Are you the kind of person who plays action video games and wonders why they don’t release the brilliant soundtracks on record? If so, then you’ll undoubtedly enjoy Gustavo de Beauville’s new album, Volume 1. In this, his first solo release, the talented multi-instrumentalist shows off his diverse skills in all their glory.
First and foremost, the album is very distinctive because it is solely instrumental, and from the offset it is obvious that De Beauville has really mastered this difficult art. We begin with Release the Kraken, an interesting guitar-led track that is frequently reminiscent of prog-rock legends Coheed and Cambria. There is a sense of action and intent, which not only lifts the pace, but also offers meaning and motive to the music. A rather dark piece, it floats seamlessly and effortlessly towards a more Industrial finish. This is definitely a highlight of the album, and is an interesting introduction to a diverse collection of work.
Continuing on, there are an array of different styles on offer, from the electronic-infused Seeking Solace to the lively rhythms of Oh Divine Raven, whilst From the Light offers an intriguing, epic soundscape. Another highlight of the album can be found in closing track In Defiance, which completes the record with an ‘amalgamation’ of everything we have just heard. Beginning softly, it quickly gains momentum before throwing you straight into a soaring guitar melody. This is the most musically diverse track on the album, and this diversity is what makes it exciting and enjoyable to listen to.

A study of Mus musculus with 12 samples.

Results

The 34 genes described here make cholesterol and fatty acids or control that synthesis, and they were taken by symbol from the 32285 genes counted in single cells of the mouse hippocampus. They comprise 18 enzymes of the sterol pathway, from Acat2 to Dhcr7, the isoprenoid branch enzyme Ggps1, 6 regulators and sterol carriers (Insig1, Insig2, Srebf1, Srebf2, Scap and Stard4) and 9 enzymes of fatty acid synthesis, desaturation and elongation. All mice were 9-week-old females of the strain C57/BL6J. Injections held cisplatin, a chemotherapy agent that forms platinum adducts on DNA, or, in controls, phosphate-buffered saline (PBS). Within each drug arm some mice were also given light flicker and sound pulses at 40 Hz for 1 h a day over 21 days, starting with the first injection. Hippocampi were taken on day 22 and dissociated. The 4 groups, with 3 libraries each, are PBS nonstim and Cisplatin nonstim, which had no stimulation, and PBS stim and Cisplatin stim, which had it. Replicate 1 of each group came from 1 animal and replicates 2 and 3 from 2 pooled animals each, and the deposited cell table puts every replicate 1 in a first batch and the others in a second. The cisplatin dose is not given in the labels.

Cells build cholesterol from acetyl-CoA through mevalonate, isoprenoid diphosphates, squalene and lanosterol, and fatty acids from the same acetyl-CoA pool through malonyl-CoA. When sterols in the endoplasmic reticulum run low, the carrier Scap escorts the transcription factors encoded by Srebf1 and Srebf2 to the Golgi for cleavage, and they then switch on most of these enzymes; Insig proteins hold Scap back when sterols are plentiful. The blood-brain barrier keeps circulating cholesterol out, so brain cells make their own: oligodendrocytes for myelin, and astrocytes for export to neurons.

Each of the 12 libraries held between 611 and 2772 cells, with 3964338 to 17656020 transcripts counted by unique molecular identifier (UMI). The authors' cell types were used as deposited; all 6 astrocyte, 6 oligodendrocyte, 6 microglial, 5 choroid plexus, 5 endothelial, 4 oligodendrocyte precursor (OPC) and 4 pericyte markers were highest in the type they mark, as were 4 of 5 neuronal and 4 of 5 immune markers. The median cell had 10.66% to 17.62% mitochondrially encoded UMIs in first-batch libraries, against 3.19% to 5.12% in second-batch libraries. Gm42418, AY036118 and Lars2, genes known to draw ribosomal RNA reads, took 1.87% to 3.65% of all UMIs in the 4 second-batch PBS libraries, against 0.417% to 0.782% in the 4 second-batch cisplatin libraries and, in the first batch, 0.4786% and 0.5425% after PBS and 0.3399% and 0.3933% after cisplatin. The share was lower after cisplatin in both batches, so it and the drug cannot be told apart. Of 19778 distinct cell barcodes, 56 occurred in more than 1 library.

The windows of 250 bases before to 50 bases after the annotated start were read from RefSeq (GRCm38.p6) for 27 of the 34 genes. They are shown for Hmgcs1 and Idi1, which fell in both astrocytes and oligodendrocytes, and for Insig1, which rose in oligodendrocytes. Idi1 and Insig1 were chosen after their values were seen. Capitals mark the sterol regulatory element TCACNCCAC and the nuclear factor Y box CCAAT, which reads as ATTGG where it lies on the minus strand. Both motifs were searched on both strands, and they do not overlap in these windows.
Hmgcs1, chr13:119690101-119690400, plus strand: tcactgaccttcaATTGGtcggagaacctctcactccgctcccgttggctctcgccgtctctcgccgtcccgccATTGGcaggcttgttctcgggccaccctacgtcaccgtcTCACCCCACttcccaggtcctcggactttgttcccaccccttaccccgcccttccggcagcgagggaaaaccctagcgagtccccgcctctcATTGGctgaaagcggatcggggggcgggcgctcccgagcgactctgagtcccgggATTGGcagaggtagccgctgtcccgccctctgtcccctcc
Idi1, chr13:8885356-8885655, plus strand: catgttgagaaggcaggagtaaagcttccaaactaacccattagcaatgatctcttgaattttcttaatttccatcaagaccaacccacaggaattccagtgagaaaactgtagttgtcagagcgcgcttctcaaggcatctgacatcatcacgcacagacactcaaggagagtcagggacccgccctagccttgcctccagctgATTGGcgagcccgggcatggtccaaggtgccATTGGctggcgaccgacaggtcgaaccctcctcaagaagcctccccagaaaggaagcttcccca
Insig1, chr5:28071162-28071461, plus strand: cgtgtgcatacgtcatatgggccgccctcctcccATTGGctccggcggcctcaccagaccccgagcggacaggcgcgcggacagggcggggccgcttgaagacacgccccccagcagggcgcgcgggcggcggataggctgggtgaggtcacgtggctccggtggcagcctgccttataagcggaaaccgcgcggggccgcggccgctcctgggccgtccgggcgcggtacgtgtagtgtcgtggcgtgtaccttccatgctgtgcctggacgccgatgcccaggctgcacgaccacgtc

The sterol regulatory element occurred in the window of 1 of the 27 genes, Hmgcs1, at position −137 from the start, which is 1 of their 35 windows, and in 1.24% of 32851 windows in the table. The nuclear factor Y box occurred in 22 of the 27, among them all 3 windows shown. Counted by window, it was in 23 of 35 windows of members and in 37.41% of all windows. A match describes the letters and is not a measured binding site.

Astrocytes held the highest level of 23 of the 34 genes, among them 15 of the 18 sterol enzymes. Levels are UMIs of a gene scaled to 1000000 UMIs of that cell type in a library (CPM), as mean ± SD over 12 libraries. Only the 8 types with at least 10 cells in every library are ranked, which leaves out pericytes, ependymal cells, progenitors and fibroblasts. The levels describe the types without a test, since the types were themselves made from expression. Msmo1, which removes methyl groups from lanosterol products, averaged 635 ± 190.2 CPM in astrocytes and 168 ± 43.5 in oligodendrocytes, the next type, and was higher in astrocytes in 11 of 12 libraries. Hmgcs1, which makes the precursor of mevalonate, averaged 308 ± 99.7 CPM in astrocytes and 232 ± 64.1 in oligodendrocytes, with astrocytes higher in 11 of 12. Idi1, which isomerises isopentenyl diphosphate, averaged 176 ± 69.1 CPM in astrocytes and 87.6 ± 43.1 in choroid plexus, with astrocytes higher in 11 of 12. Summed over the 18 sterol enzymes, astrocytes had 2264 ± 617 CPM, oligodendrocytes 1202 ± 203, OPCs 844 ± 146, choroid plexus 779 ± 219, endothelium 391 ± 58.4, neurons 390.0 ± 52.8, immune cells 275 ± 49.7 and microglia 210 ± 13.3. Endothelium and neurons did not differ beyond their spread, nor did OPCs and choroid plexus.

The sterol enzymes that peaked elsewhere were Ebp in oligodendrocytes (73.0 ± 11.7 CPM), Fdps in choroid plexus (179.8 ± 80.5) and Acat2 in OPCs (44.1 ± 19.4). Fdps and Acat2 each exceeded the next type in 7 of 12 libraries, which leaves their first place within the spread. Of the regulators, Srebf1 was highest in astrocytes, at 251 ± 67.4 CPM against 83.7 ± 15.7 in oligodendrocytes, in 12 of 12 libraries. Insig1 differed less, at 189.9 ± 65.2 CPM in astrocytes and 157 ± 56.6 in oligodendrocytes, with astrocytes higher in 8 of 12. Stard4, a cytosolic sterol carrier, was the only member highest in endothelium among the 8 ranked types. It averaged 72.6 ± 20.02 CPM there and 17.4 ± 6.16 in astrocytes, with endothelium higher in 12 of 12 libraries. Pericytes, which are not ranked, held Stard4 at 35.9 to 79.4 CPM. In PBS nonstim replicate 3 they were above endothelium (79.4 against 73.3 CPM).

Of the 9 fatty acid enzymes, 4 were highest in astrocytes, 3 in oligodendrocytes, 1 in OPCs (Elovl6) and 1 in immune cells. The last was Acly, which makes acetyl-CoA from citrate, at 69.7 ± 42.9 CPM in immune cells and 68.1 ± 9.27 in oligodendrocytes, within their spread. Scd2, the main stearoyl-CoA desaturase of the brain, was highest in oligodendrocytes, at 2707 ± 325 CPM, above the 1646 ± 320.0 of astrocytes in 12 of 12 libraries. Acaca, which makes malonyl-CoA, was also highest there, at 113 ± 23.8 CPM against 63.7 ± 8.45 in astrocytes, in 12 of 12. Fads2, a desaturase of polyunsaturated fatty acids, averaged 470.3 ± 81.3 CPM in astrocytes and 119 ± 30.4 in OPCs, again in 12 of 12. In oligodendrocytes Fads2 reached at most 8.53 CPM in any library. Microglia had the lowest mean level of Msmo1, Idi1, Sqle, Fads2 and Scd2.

However, despite the faultless musical technicality, the record does occasionally become repetitive and self-indulgent; Sands of Allure and Red Giants are unnecessary in terms of the progression of the album and don’t offer anything that we haven’t heard before. But De Beauville clearly enjoys working in different styles and is incredibly talented, not only in composition but also in the production elements (having recorded and mixed the album himself). He pushes himself to the limits of his musical talent whilst also allowing himself to experiment.
Overall, Volume 1 is interesting, but is not as fulfilling as it perhaps could be. The addition of more gripping drum tracks or experimental use of synths may serve the less vibrant songs well, giving them a well-needed boost of life and an added dimension. A good effort.